Wilton looks at public-private partnership for town’s fields

WILTON — Some youth sports organizations are looking to create a public-private partnership for the town’s sports fields and recreational infrastructure.

Nick Gemelli, president of the Wilton Youth Football and Cheer program, and Chandra Ring, president of the Wilton Youth Field Hockey program, recently pitched their idea for a unified coalition to achieve a “shared community vision” with the town.

Under the proposal, a coalition of volunteer leaders from different youth organizations would partner with the town on future field maintenance and infrastructure planning.

Ring said that the conversations started after many of the town’s fields, namely the Wilton High School Stadium and Lilly Field, were shut down following the effects of a strong storm that swept through the Northeast.

“It caused a lot of challenges in the community and expedited the conversation amongst youth sports parents and organization leaders,” Ring said at a recent Parks and Recreation Commission meeting.

Through a more unified front, the coalition would be able to coordinate fundraising and volunteer help to not only maintain current infrastructure, but help in future projects, both in the long and short term.

Parks and Recreation Commission Chairwoman Anna Marie Bilella referenced the commission’s recent funding request to the Board of Selectmen. In its proposal, the commission asked for funding for three projects — one of which is to fund the first phase of building a new turf field with lights. Part of the selectmen’s response was a question on how much fundraising could be done by private residents of Wilton outside of town-approved funds and in between another possible funding request next year.

Bilella asked how confident the coalition would be in attracting residents to raise enough money to support a possible price tag “as great as a $2 million field.”

While Gemelli said it is a bit early to tell without a timeline in mind, he had “high confidence” the group could eventually reach that number.

First, more of a foundation has to be built for the coalition, he said.

The coalition has already gathered presidents from six youth sports organizations, including Gemelli and Ring. The other four on board are Jason Partenza, Wilton Soccer Association; Tom Viggiano, Wilton Youth Softball; Chris Skillin, Wilton Youth Lacrosse; and Dominic Rauccio of the Wilton Baseball/Softball Association.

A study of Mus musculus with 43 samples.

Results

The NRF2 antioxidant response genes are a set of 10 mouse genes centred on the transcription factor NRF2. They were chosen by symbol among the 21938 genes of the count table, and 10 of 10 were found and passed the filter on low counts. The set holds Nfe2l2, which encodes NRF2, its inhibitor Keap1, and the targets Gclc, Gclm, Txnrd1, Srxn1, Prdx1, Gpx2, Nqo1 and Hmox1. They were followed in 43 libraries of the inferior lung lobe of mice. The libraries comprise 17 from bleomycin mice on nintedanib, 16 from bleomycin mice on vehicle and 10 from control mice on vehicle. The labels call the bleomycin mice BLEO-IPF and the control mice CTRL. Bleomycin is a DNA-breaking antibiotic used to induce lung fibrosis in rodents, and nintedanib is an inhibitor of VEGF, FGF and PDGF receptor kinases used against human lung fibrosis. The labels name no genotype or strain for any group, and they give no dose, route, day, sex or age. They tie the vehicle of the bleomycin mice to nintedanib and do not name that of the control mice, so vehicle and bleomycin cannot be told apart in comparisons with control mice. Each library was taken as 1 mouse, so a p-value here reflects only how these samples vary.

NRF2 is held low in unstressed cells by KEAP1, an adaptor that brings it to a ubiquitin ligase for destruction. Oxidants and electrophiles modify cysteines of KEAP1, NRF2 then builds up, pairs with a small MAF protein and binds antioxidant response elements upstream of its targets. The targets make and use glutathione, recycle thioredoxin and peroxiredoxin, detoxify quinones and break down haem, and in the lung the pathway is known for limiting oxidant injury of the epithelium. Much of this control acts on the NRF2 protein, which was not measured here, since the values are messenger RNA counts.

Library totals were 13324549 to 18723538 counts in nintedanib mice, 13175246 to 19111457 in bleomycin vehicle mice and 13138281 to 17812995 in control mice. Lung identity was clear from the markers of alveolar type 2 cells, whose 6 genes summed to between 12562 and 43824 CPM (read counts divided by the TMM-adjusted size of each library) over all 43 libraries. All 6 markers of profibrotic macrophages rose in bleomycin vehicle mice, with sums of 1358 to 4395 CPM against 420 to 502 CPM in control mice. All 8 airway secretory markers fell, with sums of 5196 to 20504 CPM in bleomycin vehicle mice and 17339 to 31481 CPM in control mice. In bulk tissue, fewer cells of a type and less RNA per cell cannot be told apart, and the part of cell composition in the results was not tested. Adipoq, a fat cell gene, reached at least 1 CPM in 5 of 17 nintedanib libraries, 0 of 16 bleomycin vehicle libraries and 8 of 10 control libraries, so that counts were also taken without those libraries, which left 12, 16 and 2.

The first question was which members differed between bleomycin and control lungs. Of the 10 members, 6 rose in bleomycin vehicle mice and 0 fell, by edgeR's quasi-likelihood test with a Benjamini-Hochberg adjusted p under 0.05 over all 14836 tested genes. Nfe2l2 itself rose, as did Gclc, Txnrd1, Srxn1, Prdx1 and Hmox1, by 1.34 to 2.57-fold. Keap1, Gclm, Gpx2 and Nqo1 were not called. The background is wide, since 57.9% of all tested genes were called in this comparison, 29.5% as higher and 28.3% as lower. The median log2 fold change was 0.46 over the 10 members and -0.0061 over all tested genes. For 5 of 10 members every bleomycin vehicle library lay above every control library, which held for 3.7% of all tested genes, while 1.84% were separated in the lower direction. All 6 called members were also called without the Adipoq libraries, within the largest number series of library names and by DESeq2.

“We’re going to continue to invite other community organizations and groups to join us because our big mission and vision is about the community for sports and recreation, and economic development,” Gemelli said.

Ring and Gemelli keyed in on the desire to bring more potential business to town by hosting tournaments, clinics and events that would attract more regional visitors. Gemelli added Wilton could increase tourism and attract residents from neighboring towns by having a bevy of new, well-kept fields and infrastructure that might attract groups to play “pickup” or unorganized sports or individuals who may use the premises for training.

Bilella suggested the group also incorporate a youth basketball program, noting that indoor sports also need to be a focus. Ring and Gemelli noted that conversations have started on that front.

Another reason the coalition decided to organize now has to do with some parent concerns about children playing on certain town fields.

Bilella asked if the group has been seeing an uptick in youth sports participation. Gemelli candidly disclosed that the spring flag football and cheer program typically saw about 125 children sign up, but this year is trending towards 425. Part of the coalition’s vision is to have year-round, expanded programming options for children.

Wilton Parks and Recreation Department Director Steve Pierce raised some concerns around field maintenance months, noting that his department would have less time in the winter months, typically December through February, and the summer months to keep the fields “as playable as possible.”

“I think that the success with your program dovetails with conditions of the fields,” Pierce said before Ring noted that the programs’ growth would put a strain on his staff. The two agreed to talk further to work on solutions.